South Asia The South Asian subcontinent is a well-defined geographical unit. It may be divided into four major regions: the Himalayan Mountains, the Indo-Gangetic Plains, the Southern Peninsula, and offshore island. There are eight countries in the subcontinent Afghanistan, Bangladesh, Bhutan, India, Maldives, Nepal, Pakistan, and Sri Lanka. India is the largest among them and it comprises twenty-eight states and six Union Territories. According to the 2001 Census, the population of India alone was over one billion people.

The Himalayan Mountains are situated on the north of India. Starting from the Pamir in the extreme northwest of India, the mighty Himalayan range extends towards northeast. It has a length of nearly 2560 kilometers with an average breadth of 240 to 320 kilometers. The highest peak of the Himalayas is known as Mount Everest with its height being 8869 metres. It acts as a natural wall and protects the country against the cold arctic winds blowing from Siberia through Central Asia. This keeps the climate of northern India fairly warm throughout the year. The Himalayan region is mostly inhospitable in winter and generally covered with snow.

It was considered for a long time that the Himalayas stood as a natural barrier to protect India against invasions. But, the passes in the northwest mountains such as the Khyber, Bolan, Kurram and Gomal provided easy routes between India and Central Asia. From prehistoric times, there was a continuous flow of traffic through these passes. Many people came to India through these passes as invaders and immigrants. The Indo-Aryans, the Indo-Greeks, Parthians, Sakas, Kushanas, Hunas and Turks entered India through these passes. The Swat valley in this region formed another important route. Alexander of Macedon came to India through this route.

The Indo-Gangetic plain is irrigated by three important rivers, the Ganges, Indus and Brahmaputra. This vast plain is most fertile and productive because of the alluvial soil brought by the streams of the rivers and its tributaries. The Indus river rises beyond the Himalayas and its major tributaries are the Jhelum, Chenab, Ravi, Sutlej and Beas. The Punjab plains are benefited by the Indus river system. The literal meaning of the term Punjab is the land of five rivers. Sind is situated at the lower valley of the Indus. The Indus plain is known for its fertile soil.

The Thar Desert and Aravalli hills are situated in between the Indus and Gangetic plains. Mount Abu is the highest point (5650 ft.) in the Aravalli hills. The Ganges river rises in the Himalayas, flows south and then towards the east. The river Yamuna flows almost parallel to the Ganges and then joins it. The area between these two rivers is called doab meaning the land between two rivers. The important tributaries of the Ganges are the Gomati, Sarayu, Ghagra and Thar Desert Gandak.

In the east of India, the Ganges plain merges into the plains of Brahmaputra. The river Brahmaputra rises beyond the Himalayas, flows across Tibet and then continues through the plains of northeast India. In the plains, it is a vast but a slow-moving river forming several islands. The Indo-Gangetic plain has contributed to the rise of urban centres, particularly on the river banks or at the confluence of rivers. The Harappan culture flourished in the Indus valley. The Vedic culture prospered in the western Gangetic plain. Banares, Allahabad, Agra, Delhi and Pataliputra are some of the important cities of the Gangetic plain.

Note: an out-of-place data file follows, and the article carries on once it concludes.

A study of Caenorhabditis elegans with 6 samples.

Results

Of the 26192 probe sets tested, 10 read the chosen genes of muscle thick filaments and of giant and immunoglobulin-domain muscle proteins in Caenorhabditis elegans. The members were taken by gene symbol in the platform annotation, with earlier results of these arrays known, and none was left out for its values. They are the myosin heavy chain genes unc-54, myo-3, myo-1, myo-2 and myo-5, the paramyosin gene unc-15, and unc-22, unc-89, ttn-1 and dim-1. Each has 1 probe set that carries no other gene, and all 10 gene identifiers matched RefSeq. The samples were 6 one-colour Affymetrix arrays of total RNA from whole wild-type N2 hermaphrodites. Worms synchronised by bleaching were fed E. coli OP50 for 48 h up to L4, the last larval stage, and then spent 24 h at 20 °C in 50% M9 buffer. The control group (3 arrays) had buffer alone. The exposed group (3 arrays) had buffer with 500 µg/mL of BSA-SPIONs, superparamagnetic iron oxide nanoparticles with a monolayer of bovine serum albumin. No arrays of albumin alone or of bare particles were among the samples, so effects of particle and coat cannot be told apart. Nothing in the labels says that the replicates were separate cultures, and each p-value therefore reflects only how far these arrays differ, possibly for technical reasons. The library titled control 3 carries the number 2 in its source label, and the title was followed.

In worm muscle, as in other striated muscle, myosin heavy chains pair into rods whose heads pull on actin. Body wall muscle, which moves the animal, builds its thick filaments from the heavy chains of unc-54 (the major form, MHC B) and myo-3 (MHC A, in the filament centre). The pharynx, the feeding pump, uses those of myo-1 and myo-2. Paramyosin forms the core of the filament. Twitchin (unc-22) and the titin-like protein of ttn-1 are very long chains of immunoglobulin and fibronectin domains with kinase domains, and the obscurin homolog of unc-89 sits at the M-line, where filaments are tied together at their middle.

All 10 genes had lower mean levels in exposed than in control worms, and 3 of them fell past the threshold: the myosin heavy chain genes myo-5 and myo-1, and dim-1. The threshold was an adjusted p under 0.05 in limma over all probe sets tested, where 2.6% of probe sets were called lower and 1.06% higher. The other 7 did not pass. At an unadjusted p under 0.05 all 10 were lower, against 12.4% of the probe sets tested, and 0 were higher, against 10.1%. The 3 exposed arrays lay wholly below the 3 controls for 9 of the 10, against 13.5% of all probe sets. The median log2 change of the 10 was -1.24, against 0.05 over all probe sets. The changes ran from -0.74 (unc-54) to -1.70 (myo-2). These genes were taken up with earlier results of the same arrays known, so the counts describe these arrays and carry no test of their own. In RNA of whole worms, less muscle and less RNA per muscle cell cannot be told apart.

The Vindhya and Satpura mountains along with Narmada and the Tapti rivers form the great dividing line between northern and southern India. The plateau to the south of the Vindhya Mountains is known as the Deccan plateau. It consists of volcanic rock, which is different from the northern mountains. These rocks are easier to cut into, and there are a number of rock-cut monasteries and temples in the Deccan.

The Deccan plateau is flanked by the Eastern Ghats and Western Ghats. The Coramandal Coast stands between the Eastern Ghats and the Bay of Bengal. The Western Ghats runs along the Arabian sea and the lands between these are known as Konkan up to Goa and beyond that as Kanara. The southernmost part is known as Malabar Coast. The Deccan plateau acted as a bridge between the north and south India. However, the dense forests in the Vindhya Mountains makes this region isolated from the north. The language and culture in the southern peninsula are preserved in tact for a long time due to this geographical isolation.

By the time of the Great War, the Indian Empire included the kingdom of Burma to the east of the Bay of Bengal, which was annexed in three instalments in the years 1826, 1852, and 1886. Burma, however, which has a history of its own, is not naturally a part of India. The island of Ceylon, on the other hand, although physically an imperfectly severed fragment of the mainland, was not a part of the Indian Empire, being administered as a Crown colony under the direction of the Secretary of State for the Colonies.